The Ottumwa Courier

Local News

December 28, 2012

Influenza attacking Wapello County

Holiday festivities a party for germs; virus tough enough to knock down normally healthy person for 10 days

OTTUMWA — Wapello County saw a surge of influenza cases three weeks ago, and the numbers are expected to increase as the holidays dwindle down.

A common misconception is that the “flu” and “influenza” are the same thing, said Wapello County Public Health clinical director Lynelle Diers.

“The flu is nausea, vomiting, diarrhea,” Diers said. “Influenza consists of cough, joint and muscle aches, headache, running a temperature from 99 to 104, being very, very tired, getting really cold, getting the shakes.”

Diers said the vomiting and diarrhea associated with “the flu” does not usually go along with influenza.

“That’s why when people say they got the flu shot and then they go ahead and get vomiting and diarrhea, they say it didn’t work,” Diers said. “But the flu shot is not for that type of flu, it’s for influenza.”

But both the flu and influenza are viruses, Diers said, so antibiotics won’t ward them off. She also noted that there are a lot of things that can cause nausea, vomiting and diarrhea, from E. coli to salmonella.

“In order to determine that, you’ll need to see your health care provider,” she said.

The flu shot covers two influenza A strains and one B strain, she said.

“What’s circulating in Wapello County is influenza A,  and that’s covered by the vaccine,” she said.

She said that people should still go get the shot if they haven’t already.

“Influenza is extremely contagious,” she said. “It’s so contagious because you can get it just from someone coughing near you and then you inhale the droplets.”

Diers said she started noticing a big surge in influenza cases in Wapello County three weeks ago.

And even though some New Year’s Eve parties may be calling your name, Diers said it’s best to stay home if you’re feeling sick.

“We see a surge in cases after the holidays because people don’t stay home, they go to their families and give it to everyone else at the reunion,” she said. “The other thing with influenza is it’s contagious for 10 days.”

Diers said the surge in influenza this year correlates to fewer people getting vaccinated.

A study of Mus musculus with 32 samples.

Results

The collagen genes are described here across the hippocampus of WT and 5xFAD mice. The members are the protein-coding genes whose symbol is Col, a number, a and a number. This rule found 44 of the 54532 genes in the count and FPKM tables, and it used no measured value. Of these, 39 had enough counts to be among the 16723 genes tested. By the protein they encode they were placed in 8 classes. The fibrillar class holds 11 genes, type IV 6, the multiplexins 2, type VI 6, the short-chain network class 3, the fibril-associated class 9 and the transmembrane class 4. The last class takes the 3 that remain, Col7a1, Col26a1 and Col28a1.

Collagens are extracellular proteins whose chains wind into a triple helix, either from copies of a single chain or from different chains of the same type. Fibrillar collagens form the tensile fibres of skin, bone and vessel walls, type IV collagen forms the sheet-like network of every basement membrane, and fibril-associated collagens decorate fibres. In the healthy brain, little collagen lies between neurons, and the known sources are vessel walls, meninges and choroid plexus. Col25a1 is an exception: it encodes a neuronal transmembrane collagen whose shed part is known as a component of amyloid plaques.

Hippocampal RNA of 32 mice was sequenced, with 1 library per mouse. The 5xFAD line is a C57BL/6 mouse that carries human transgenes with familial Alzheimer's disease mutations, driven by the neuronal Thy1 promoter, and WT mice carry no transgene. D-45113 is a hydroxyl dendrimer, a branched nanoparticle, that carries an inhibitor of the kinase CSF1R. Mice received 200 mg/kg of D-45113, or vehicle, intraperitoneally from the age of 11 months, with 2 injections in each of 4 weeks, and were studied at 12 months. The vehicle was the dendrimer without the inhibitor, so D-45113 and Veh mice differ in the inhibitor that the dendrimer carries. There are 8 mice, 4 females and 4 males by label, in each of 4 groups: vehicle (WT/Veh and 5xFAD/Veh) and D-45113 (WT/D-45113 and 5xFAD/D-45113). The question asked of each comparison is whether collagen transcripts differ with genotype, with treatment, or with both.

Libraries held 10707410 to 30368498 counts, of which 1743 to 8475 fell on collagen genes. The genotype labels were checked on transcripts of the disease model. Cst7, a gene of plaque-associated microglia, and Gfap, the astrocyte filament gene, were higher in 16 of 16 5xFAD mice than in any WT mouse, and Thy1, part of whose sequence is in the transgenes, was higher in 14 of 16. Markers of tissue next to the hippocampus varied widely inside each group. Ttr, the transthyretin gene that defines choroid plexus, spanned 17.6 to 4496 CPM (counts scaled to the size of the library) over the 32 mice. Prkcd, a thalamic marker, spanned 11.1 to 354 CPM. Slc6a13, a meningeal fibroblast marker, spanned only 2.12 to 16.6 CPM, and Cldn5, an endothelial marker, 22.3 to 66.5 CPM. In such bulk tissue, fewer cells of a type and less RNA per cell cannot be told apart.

“I think people get into a safe mode and feel they don’t need it,” she said. “We’ve given out a lot less this year than in previous years. Or, more providers may be giving it, also.”

Influenza will knock down a normally healthy individual for five to seven days, she said.

“It’s so miserable, with body aches, head pounding and fever,” she said. “My second year in public health I caught it. I still remember vividly how miserable I was walking from the bed to the couch. It’s something I don’t think people forget.”

She said one of the most severe years she’s seen in terms of those coming down with influenza was in 2009 when H1N1 struck. Since then, H1N1 has been in the vaccine as one of the strains.

“One of our own staff, during our first clinic when we gave the H1N1 vaccine [in 2009], we hadn’t had masks for the staffers and one was down within two days with it,” she said. “Protect yourself, get plenty of sleep and eat healthy.”

The only people who might want to steer clear of the flu shot are those with an allergy to eggs and those who have had a previous severe reaction to a flu shot, Diers said, as well as children younger than 6 months.

“It’s not 100 percent, but if you do happen to get influenza, you won’t be as ill as someone who has not received it,” Diers said. “From what I’m hearing from the community, people are being home for many, many days.”

If a person feels like they’re coming down with influenza, they should go to their health care provider within 48 hours, Diers said.

“They do have antivirals that may shorten the influenza by one to two days,” she said. “It won’t completely cure it, but it may shorten the amount of days you are ill.”

In her personal classification, Diers said influenza and pertussis (commonly known as whooping cough) are the most contagious.

So far Wapello County has seen seven cases of pertussis this season, which is more than the two cases Diers saw last year but far down from the 17 cases she saw in 2010.

“I also recommend if any adult has not had the booster of Tdap [Tetanus, Diphtheria, Pertussis] to get that,” Diers said of the pertussis vaccination. “The thing with pertussis is in an older person, sometimes the cough may be a bronchitis-type cough and very innocent, versus a small child where it can be very life threatening.”

It takes three shots before a person builds immunity to pertussis, and sometimes if a baby has been around adults or grandparents who are coughing, the baby can catch it.

“When you’re out, make sure you wipe your carts off, stay away from people coughing who don’t cover their mouth and keep your home environment clean,” she said. “If there is a sick person in your home, isolate that person from other people in the home.”